Statoil Climbs on Canada Find, Advancing Oil Prices: Oslo Mover
Statoil ASA (STL), the Norwegian energy producer expanding abroad to make up for falling output at home, gained the most in almost a year in Oslo after a third discovery off the coast of Canada and as oil prices advanced.
The shares climbed as much as 3.8 percent, the most since Sept. 14, 2012, and traded 3.3 percent higher at 136.3 kroner at 10:59 a.m. That makes the Stavanger-based company the third-best performer on the Stoxx Europe 600 Oil & Gas Index. About 4.5 million shares changed hands, more than 65 percent above the average volume in the last three months.
Statoil made a new oil discovery at the Flemish Pass basin off the coast of Canada, it said in a statement yesterday. The find, at Bay du Nord, is located 10 kilometers (6.2 miles) from the Harpoon prospect and about 20 kilometers from the Mizzen discovery, the company said.
“The discovery is particularly positive for the Harpoon and Mizzen discoveries made earlier in 2013, as the commercial potential of these increase,” Swedbank First Securities analyst Teodor Sveen Nilsen said by e-mail today. Bay du Nord and Harpoon are valued at about 1 kroner per share, he wrote.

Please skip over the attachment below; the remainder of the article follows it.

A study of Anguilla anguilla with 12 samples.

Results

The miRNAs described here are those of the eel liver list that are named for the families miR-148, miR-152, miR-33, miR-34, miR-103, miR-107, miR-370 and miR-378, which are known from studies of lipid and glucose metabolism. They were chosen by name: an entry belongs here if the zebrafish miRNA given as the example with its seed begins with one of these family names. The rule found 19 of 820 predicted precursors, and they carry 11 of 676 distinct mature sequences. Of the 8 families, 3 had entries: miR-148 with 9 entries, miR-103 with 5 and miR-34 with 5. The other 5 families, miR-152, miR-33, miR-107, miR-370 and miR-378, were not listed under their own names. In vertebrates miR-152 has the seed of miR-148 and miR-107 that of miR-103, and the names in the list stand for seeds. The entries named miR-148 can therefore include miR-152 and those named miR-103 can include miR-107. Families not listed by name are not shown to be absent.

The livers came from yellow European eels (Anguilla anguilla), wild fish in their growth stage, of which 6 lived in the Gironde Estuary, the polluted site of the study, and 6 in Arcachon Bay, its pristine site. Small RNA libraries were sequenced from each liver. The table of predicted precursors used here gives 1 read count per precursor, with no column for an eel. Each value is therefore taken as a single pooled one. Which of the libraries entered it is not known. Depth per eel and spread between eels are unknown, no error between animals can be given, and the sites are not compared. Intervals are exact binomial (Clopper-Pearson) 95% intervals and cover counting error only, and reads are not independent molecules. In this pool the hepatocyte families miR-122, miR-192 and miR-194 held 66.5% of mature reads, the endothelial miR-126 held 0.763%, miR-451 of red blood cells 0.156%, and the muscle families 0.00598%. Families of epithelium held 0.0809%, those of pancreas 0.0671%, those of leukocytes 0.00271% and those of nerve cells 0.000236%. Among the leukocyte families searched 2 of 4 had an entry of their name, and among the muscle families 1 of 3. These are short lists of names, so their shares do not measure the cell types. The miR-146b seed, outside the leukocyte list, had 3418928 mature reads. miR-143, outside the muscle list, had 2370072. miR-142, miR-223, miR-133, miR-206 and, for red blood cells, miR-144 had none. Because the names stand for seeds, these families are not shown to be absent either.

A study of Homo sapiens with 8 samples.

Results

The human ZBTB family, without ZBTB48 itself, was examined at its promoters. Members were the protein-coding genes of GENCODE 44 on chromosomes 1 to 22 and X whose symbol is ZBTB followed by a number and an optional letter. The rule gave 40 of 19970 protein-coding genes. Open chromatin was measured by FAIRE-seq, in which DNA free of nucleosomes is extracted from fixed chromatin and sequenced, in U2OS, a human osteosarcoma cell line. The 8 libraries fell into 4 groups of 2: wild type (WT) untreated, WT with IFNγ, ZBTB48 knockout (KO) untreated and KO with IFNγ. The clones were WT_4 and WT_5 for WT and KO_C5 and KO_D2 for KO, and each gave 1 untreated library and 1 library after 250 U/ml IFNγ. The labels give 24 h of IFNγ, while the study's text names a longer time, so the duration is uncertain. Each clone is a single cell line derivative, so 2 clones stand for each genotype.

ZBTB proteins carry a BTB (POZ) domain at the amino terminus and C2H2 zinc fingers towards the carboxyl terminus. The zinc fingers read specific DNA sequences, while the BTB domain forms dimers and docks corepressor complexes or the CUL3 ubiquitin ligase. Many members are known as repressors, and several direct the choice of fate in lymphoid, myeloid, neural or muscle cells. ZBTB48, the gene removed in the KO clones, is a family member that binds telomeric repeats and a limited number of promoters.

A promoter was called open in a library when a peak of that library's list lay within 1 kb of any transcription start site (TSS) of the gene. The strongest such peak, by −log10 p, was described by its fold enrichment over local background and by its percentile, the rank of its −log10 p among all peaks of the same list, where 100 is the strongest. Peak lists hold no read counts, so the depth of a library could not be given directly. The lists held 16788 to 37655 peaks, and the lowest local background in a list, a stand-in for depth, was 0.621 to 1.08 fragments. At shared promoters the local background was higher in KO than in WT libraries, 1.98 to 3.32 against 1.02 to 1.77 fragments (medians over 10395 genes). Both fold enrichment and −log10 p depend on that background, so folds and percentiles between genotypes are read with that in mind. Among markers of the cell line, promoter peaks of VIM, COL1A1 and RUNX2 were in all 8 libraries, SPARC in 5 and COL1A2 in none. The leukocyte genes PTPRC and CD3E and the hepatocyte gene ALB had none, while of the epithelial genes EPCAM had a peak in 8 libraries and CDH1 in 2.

Statoil’s share price is also being helped by rising oil prices, Bank of America Merrill Lynch said in a note to investors. The bank raised its rating on the stock to buy.
West Texas Intermediate futures gained as much as 3 percent in New York, extending yesterday’s 2.9 percent advance, amid concerns that unrest in the Middle East could curb output. The futures traded 0.6 percent higher at $109.68 a barrel as of 9:45 a.m. in London.
Statoil, which operates more than 70 percent of Norway’s oil and gas output, is seeking to increase production by an average 3 percent a year to 2.5 million barrels of oil equivalent a day by 2020. It’s expanding abroad and into unconventional resources such as shale oil and gas to help meet its target.
Statoil on July 25 reported second-quarter profit that unexpectedly fell 2 percent, hurt by falling production and lower prices. The company also said output would drop in 2013 after it sold some Norwegian fields and on lower output growth from its U.S. shale gas assets.